EXPLORING YOUR JEWISH ROOTS
The significant growth and improvement of the social and economic position of the Jewish population during the 19th century was to a great extent the result of the reforms of religious toleration enacted by Emperor Joseph II in 1783.
Bratislava became the seat of Hungarian Jewish Orthodoxy under the leadership of the renowned Rabbi Moshe Schreiber, known as the Chatam Sofer (1762-1839), who served as rabbi in Bratislava from 1806 until his death. He founded the influential yeshiva of Bratislava, and led the traditionalist struggle against rapidly spreading religious reform. In 1868, one year after the constitutional compromise (Ausgliech), Hungarian Jewry split into Neolog (Hungarian reform), Orthodox, and Status Quo factions following unresolved conflict stemming from the kingdom-wide Jewish congress in Budapest organized by the government. The majority of Jewish communities in northern Hungary were Orthodox, though there were important Neolog Jewish communities in Bratislava and Košice (Kaschau, Kassa).
Bratislava - Stupava - Malacky - Trnava - Šamorín - Nitra - Komárno - Nové Zámky - Šurany Šahy - Trenčín - Zvolen - Žilina - Liptovský Mikuláš - Spišská - Nová Ves - Spišské Podhradie - Bardejov
In 1867, the dual monarch of Austro-Hungary was established and Slovakia became a part of Hungary, often considered “Northern Hungary.” For more than a millennium, Slovakian Jewry was closely linked with that of Hungarian Jews. The Hungarian parliament passed the Emancipation Law to promote assimilation among minorities, especially Jews. Government officials supported Jewish cooperation in industry and finance. The Jewish population grew exponentially, especially in small, secluded towns in Eastern Slovakia. Nevertheless, much anti-Semitism existed in Slovakia and nationalists refused to allow Jews to assimilate into their culture.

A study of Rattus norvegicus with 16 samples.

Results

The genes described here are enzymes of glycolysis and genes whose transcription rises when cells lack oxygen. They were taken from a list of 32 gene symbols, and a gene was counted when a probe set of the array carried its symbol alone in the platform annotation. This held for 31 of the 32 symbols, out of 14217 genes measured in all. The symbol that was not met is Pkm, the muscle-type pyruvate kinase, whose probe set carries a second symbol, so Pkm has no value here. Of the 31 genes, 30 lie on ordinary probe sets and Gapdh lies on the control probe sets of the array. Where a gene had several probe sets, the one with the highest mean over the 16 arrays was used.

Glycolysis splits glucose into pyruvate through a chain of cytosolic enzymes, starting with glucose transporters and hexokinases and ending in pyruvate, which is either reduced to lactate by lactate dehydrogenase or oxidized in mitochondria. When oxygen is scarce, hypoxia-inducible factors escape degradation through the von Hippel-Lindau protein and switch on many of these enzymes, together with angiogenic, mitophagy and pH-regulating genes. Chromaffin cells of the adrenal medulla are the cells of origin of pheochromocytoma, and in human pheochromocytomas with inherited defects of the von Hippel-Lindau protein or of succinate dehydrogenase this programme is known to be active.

The 19th century also gave rise to the Zionist movement in Slovakia. After World War I and the creation of Czechoslovakia (1918), Jews were given the right to be considered a separate nationality in the country. Jews prospered not only in industry but cultural life. Jews held more than one-third of all industrial investments in country. In 1919, the Jewish Party was created. The Juedische Volkszeitung (“Jewish People’s Paper”) was first published in Bratislava. This paper played a crucial role in advancing the rights of the Jews in Czechoslovakia. In the first national census in February 1921, 135,918 people registered as practicing Jews (4.5 percent of the population); 70,522 of them declared themselves of Jewish nationality.